James Horton attended the village school in Gloucester where he impressed his headmaster, the English missionary Rev. James Beale, with his brilliance and scholarship. Rev. James Beale later helped Horton to secure a place at the GMS Grammar School in Freetown where he spent four years acquiring the rudiments of many subjects in preparation for the erudition, profundity and scholarship which were to characterize his prolific writing in later life.

In 1853, Horton entered Fourah Bay Institution and was listed first in a class of seven students. William Davies had entered the Institution in 1850, and James Johnson, alias “Holy Johnson”, in 1854. Horton like Davies and Johnson, had entered the Institution to prepare himself for the ministry; but after two years there, he was chosen by the GMS to go abroad to study medicine.

He was registered to study medicine at King’s College, London in 1855. He was a hardworking student and was known to have been occupied with studies as much as fourteen hours a day. He was a distinguished student and won prizes in physiology, surgery and comparative anatomy. He obtained the diploma of M.R.C.S. of England and the L.M. in 1858 and was elected to the Associateship of the College. In later years, he became a corresponding member of the medical society of King’s College.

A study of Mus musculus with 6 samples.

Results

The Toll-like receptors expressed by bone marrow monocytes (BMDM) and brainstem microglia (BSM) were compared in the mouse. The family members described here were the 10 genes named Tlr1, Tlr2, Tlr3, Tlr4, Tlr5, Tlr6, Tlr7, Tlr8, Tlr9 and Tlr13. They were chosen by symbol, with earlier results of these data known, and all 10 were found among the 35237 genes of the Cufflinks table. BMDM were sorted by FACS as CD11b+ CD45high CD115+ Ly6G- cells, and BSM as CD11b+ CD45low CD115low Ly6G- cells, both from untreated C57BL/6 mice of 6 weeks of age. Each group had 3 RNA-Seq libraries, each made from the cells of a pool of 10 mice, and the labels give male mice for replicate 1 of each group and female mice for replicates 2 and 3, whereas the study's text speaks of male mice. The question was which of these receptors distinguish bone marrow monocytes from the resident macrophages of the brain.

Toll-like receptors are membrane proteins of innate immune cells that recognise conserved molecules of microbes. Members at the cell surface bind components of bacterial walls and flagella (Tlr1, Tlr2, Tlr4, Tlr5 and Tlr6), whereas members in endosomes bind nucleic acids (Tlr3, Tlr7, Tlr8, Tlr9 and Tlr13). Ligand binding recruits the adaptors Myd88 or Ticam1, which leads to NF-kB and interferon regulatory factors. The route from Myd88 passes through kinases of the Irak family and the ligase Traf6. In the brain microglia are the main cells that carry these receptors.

Horton served for 20 years as a surgeon-major in the Army during that time he encountered a discriminatory attitude against which he fought with all the subtlety and strength of his writings. In 1861, he wrote his classic letter to the war office, London, in which he set down his proposals for the establishment of a medical school in Sierra Leone to serve the whole West Africa.

He made a will for his residence, Horton Hall to form the nucleus of Horton’s College, Sierra Leone where 5 students (one at least must be Igbo) would be “educated or kept continually in the school gratuitously”. Unfortunately, this could not be realized; the trustees later sold Horton Hall and converted the proceeds of the sale into Horton Fund for the maintenance and support of the Diocesan Technical School of Freetown.

Although he lived for only 48 years, his lofty and many-sided achievements as an Army Surgeon, a prolific and erudite writer on political subjects and medicine, an enterprising banker in his retirement years and his crowded life made his span of life look like 84 years. He believed in himself, in his fellow Africans and in the indivisibility of Africa.